Vegan fashion is a term that once called up images of burlap-like fabrics and unflattering shapes. But the world of ethical apparel has grown significantly in the past decade, shaking its “crunchy granola” reputation and attracting some of the biggest names in fashion. As style expert Stacy London tells us, the industry can’t afford to ignore the movement.
Stacy is probably best known for her role as co-host of What Not to Wear, a TLC reality television series that ran 10 seasons. She made a career trashing the closets of fashion offenders before building up their wardrobes—and confidence—by the end of each episode. But Stacy’s impact in the fashion industry extends well beyond that gig. She is a former fashion assistant for Vogue, and she has added celebrity stylist, fashion editor, and published author to her ever-growing résumé.
We caught up with Stacy in New York while she was previewing a collection from the pioneering vegan fashion brand VAUTE, created by activist-turned-designer Leanne Mai-ly Hilgart. In this interview, Stacy shares with us her take on how some founders have helped shift the perception of consumers—and big brands—toward more ethical fashion.
How is public perception of vegan fashion evolving?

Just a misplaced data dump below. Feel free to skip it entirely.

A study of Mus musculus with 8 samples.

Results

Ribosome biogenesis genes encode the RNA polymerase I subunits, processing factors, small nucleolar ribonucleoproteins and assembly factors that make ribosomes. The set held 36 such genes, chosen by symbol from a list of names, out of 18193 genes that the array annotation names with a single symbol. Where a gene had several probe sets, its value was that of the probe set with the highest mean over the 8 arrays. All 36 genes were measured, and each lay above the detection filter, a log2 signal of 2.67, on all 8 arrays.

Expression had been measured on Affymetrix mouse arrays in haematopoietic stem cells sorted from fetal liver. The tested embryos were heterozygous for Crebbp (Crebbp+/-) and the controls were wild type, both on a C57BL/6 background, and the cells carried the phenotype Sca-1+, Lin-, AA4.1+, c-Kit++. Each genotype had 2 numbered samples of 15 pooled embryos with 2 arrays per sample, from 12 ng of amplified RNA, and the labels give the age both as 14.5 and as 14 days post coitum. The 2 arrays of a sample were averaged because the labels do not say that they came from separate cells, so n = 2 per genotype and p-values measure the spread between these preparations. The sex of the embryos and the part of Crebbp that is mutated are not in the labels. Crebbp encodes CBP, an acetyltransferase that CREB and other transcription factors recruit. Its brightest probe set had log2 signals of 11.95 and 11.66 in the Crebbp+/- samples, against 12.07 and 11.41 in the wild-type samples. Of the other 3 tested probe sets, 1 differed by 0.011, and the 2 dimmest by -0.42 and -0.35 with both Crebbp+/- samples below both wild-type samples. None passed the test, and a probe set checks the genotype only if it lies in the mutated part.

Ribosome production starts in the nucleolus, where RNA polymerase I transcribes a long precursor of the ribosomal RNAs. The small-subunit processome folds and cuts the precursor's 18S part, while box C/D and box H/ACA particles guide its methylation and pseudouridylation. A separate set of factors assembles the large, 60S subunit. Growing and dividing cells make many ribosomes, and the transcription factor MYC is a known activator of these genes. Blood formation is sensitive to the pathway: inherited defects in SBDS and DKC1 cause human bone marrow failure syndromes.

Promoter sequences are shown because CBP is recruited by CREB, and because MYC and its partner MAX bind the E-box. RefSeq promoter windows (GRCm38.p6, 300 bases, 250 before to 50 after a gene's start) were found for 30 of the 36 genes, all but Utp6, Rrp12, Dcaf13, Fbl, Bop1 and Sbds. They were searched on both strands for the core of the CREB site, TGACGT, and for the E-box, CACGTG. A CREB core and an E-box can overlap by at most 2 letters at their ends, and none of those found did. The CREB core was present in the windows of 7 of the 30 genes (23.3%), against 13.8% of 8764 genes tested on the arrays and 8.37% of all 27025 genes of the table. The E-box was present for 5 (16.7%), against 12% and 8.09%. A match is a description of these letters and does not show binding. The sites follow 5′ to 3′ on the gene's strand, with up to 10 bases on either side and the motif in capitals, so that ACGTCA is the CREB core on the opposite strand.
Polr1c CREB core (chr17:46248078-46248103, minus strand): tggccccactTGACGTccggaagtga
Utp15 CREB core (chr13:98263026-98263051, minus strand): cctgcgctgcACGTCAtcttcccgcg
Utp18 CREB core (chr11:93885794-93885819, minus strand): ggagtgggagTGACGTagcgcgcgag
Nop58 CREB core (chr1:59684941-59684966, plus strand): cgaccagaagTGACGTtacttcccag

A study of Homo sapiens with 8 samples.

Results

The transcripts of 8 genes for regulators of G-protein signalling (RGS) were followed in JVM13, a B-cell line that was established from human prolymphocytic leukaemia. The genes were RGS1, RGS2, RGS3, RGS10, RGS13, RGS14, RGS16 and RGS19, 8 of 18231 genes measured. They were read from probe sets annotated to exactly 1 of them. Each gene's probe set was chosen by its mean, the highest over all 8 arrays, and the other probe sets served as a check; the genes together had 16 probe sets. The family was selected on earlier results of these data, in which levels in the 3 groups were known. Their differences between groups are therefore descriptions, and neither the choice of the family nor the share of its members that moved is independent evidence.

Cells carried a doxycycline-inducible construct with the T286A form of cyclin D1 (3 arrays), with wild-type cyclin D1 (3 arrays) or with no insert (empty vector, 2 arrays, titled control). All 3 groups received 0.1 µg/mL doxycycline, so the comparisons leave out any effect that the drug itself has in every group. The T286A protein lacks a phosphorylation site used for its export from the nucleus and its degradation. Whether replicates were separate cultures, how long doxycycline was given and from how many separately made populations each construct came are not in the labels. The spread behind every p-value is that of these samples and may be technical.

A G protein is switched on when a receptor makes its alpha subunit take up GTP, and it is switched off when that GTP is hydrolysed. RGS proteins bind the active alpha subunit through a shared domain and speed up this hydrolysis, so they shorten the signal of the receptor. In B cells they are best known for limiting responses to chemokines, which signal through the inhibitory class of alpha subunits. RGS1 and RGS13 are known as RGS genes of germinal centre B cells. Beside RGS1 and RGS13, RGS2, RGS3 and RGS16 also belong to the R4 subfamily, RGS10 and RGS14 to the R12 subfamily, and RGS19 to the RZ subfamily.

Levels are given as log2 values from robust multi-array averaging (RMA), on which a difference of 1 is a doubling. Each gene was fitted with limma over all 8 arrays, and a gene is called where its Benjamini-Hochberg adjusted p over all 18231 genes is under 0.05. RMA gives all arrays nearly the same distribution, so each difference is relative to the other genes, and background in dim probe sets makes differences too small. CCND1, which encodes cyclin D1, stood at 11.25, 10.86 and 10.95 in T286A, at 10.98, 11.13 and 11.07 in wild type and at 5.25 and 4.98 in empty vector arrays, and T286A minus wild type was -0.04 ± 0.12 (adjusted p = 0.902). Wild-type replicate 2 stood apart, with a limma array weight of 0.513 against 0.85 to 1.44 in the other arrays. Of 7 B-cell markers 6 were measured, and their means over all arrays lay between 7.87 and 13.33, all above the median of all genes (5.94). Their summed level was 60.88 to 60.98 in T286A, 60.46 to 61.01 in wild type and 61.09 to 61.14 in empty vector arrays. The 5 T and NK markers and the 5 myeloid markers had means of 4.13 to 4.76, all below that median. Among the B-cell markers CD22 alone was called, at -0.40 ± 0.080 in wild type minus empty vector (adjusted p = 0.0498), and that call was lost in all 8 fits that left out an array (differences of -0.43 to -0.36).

Stacy: I think we used to see vegan fashion as something unfashionable—that the material was something that you could be proud of, but the cuts were kind of awful. It’s very similar to what happened with plus-size fashion. It used to be you could buy a nylon or polyester muumuu tent and be the woman who’s a larger size who didn’t feel pretty at the wedding.
But now that there’s a real switch in this industry, the way people are talking about plus-size fashion is exactly the way they’re talking about average-size fashion. It’s the exact same thing with things like vegan fashion. It’s going to become almost a non-issue, and it really is a question of where you want to throw your money and your support as a consumer.
So what changed?
Stacy: There was a real shift after 2008, after we really saw the economy crash. People were sick of bullshit, and they wanted whatever they bought to have a real-use value and to be worth the money that they were paying for it. The biggest problem was that vegan clothing was expensive to make because it was hard to find the fabrics to make them. Much less so now, where you have more people thinking about this responsibly and consciously, and also what are we doing to the world in terms of the oceans or landfills? It’s what’s happening in the world and in this industry right now, where having a conscience has been so much a part of being a consumer, like we’ve never seen in history before.